It has been 22 years since the original “Jurassic Park” became a huge box office hit, so many younger moviegoers aren’t familiar with it. But the impact of its thundering dinosaurs is still being seen, felt and heard in Hollywood and in movie theaters around the world.
Director Steven Spielberg‘s imagining of Michael Crichton’s bestselling sci-fi novel about genetically replicated reptiles rampaging through a theme park, adapted by David Koepp, was a game-changer for the film industry.
“The mix of a bestselling book, transferred to script by one of Hollywood’s best writers, in the creative hands of the world’s greatest storytellers and what can you achieve?” Gerald Molen, who produced with Kathleen Kennedy, asked TheWrap rhetorically, adding. “The answer is greatness.”
The 1993 dinosaur blockbuster revolutionized the way movies were made, marketed and distributed with pioneering technology, concepts and strategies that are still employed today.
Here are five ways “Jurassic Park” left an indelible mark on the movie business.
The velociraptor and other dinosaurs were created through a groundbreaking process that took more than a year, by combining computer-generated images created by George Lucas‘ Industry Light & Magic and life-sized animatronic models built by Stan Winston’s team (below). “A major gap has been crossed and things are never going to be the same,” Lucas said at the time, and he was right. CGI imagery has been a primary component of sci-fi, adventure and fantasy films ever since.
Sound and Fury
“I remember it scaring the hell out of me,” said Jeff Bock, Exhibitor Relations Co.’s senior media analyst. “The dinosaurs looked so real, and I recall seeing and hearing them breathe and getting the chills. It was a very visceral experience.” The unprecedented resonance, depth and clarity of the film’s audio was created by DTS, a company Spielberg invested in specifically for “Jurassic World.” The rib-rattling digital surround sound effects it created were unprecedented, and made many moviegoers aware for the first time just how much sound, and sound editing could mean to a movie.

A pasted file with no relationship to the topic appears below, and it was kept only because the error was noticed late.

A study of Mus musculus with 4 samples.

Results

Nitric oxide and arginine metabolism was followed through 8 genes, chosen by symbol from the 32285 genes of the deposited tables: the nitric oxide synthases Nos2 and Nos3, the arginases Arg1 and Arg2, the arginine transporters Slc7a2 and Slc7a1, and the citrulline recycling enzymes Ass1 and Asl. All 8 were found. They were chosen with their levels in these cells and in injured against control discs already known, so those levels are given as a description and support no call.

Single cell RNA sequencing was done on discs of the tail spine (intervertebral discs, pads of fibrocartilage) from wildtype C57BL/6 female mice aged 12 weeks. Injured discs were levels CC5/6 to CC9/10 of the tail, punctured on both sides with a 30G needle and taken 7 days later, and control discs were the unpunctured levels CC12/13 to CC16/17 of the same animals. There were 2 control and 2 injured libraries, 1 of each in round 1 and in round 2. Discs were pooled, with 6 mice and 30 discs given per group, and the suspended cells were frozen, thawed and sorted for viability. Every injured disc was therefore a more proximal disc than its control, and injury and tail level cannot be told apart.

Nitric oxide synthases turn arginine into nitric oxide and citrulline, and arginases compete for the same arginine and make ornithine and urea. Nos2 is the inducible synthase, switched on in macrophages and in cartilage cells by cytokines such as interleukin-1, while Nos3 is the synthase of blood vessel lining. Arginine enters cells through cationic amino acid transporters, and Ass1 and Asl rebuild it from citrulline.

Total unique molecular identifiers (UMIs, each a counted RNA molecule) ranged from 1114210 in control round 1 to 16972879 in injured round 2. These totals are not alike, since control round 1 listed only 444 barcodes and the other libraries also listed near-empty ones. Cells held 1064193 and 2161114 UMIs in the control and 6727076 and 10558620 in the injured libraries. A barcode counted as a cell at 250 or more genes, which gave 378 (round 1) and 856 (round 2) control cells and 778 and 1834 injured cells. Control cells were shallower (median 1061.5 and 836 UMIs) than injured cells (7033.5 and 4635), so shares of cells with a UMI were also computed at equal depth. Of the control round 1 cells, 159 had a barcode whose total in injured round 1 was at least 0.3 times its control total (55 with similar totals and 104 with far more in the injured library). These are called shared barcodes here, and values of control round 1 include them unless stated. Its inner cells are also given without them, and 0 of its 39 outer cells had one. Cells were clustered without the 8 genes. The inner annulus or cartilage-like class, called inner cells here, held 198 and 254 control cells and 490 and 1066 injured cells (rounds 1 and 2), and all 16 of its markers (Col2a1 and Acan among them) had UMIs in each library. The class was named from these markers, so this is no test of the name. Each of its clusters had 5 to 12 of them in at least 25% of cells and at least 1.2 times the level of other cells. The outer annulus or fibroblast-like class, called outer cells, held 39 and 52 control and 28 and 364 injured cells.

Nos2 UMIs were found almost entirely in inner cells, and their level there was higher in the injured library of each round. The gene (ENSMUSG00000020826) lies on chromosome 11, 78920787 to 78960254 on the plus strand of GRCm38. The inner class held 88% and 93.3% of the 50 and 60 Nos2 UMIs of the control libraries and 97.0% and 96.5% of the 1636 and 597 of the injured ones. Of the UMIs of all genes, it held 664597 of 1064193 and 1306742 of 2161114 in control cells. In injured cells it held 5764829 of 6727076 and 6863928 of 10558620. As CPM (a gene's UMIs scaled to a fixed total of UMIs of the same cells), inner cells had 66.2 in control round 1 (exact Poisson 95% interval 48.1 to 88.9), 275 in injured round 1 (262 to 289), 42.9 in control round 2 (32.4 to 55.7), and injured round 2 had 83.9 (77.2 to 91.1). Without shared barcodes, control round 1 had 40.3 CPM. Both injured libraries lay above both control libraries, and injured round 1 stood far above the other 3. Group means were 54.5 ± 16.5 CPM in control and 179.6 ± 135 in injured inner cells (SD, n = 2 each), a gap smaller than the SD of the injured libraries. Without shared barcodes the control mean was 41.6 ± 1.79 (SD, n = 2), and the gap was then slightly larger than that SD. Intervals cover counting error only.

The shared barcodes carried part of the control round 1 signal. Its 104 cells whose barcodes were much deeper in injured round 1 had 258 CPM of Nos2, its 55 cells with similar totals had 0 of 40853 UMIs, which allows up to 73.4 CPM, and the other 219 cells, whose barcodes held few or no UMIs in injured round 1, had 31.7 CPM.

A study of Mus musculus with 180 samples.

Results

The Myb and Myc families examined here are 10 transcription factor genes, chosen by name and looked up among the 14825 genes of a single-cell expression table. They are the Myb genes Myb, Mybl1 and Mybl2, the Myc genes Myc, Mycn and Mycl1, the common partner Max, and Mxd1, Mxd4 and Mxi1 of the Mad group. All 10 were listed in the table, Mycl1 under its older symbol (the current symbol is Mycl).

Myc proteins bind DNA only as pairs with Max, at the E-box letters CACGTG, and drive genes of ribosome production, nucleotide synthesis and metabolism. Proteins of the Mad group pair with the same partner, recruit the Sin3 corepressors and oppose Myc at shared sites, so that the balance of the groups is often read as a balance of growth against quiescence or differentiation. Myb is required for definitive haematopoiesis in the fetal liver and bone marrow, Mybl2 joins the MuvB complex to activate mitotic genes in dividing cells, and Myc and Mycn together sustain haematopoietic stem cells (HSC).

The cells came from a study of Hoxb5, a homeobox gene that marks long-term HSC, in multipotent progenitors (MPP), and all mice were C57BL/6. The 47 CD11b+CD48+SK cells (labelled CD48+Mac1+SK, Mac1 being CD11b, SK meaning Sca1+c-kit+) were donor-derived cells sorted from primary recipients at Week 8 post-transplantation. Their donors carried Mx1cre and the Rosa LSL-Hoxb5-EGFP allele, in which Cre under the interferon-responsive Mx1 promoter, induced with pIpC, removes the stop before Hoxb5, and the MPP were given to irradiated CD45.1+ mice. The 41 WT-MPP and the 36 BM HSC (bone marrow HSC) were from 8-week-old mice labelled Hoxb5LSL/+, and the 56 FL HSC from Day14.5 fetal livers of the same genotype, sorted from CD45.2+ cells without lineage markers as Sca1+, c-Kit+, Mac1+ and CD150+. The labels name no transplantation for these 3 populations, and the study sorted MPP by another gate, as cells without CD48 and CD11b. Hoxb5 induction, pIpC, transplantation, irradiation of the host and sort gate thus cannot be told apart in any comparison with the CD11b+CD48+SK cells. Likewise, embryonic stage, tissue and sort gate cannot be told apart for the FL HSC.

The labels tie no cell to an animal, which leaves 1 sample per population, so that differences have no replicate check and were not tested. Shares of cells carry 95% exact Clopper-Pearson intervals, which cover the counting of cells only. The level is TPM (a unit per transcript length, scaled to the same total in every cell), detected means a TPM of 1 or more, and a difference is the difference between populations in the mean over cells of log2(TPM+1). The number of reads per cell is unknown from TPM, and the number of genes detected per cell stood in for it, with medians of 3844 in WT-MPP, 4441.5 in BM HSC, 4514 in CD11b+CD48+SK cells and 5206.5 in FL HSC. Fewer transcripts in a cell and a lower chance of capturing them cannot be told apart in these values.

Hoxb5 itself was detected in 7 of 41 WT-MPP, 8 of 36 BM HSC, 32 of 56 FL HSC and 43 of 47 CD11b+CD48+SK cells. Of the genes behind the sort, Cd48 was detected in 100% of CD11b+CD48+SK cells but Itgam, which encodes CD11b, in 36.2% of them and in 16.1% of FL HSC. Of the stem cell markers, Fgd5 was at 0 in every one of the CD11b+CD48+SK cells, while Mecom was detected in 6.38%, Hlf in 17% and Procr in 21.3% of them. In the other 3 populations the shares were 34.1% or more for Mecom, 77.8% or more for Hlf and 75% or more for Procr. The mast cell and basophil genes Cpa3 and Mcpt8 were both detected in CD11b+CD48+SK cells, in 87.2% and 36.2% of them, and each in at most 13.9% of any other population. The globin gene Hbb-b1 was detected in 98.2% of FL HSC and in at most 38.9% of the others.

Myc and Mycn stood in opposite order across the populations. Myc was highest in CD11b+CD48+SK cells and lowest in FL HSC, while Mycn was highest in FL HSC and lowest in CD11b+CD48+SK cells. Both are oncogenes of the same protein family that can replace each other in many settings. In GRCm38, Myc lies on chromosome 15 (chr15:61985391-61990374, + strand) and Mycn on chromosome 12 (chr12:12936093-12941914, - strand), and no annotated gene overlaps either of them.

The “Jurassic Park” marketing campaign, which cost a then-staggering $65 million and included pre-release licensing deals with more than 100 companies, created massive upfront demand. That was no small feat for a non-sequel and it established a template that remains relevant to modern film marketing teams. Dinosaur toys replaced teddy bears, baseball cards and Barbies in the hearts of American kids, and they’re still popular.
Concept Over Stars
“No one came to see “Jurassic Park” because of Sam Neill or Jeff Goldblum,” said Bock, “though both of them and everybody else in it were terrific.” No one’s name, not even Spielberg’s, was above the title on the marquee, and that was the precursor to today’s superhero sagas like “The Avengers” and high-concept tales, where the idea for the film, rather than the name on the marquee, is what drives business. For the record, Richard Attenborough, Laura Dern and Samuel L. Jackson made up the rest of the cast.
“Jurassic Park” was the first movie to make more than $800 million worldwide and earn more at the box office abroad than it did domestically. That remains the rule today, with most American blockbuster movies making more — usually about 65-70 percent of their overall take — overseas than they do at home.
“Jurassic Park” grossed $921.6 million worldwide and became the highest-grossing film ever, topping Spielberg’s “E.T.” It crossed a major milestone and went up to $1.04 billion in 2013 thanks to a 3D re-release that did major business in China. Hollywood was paying attention to that, too.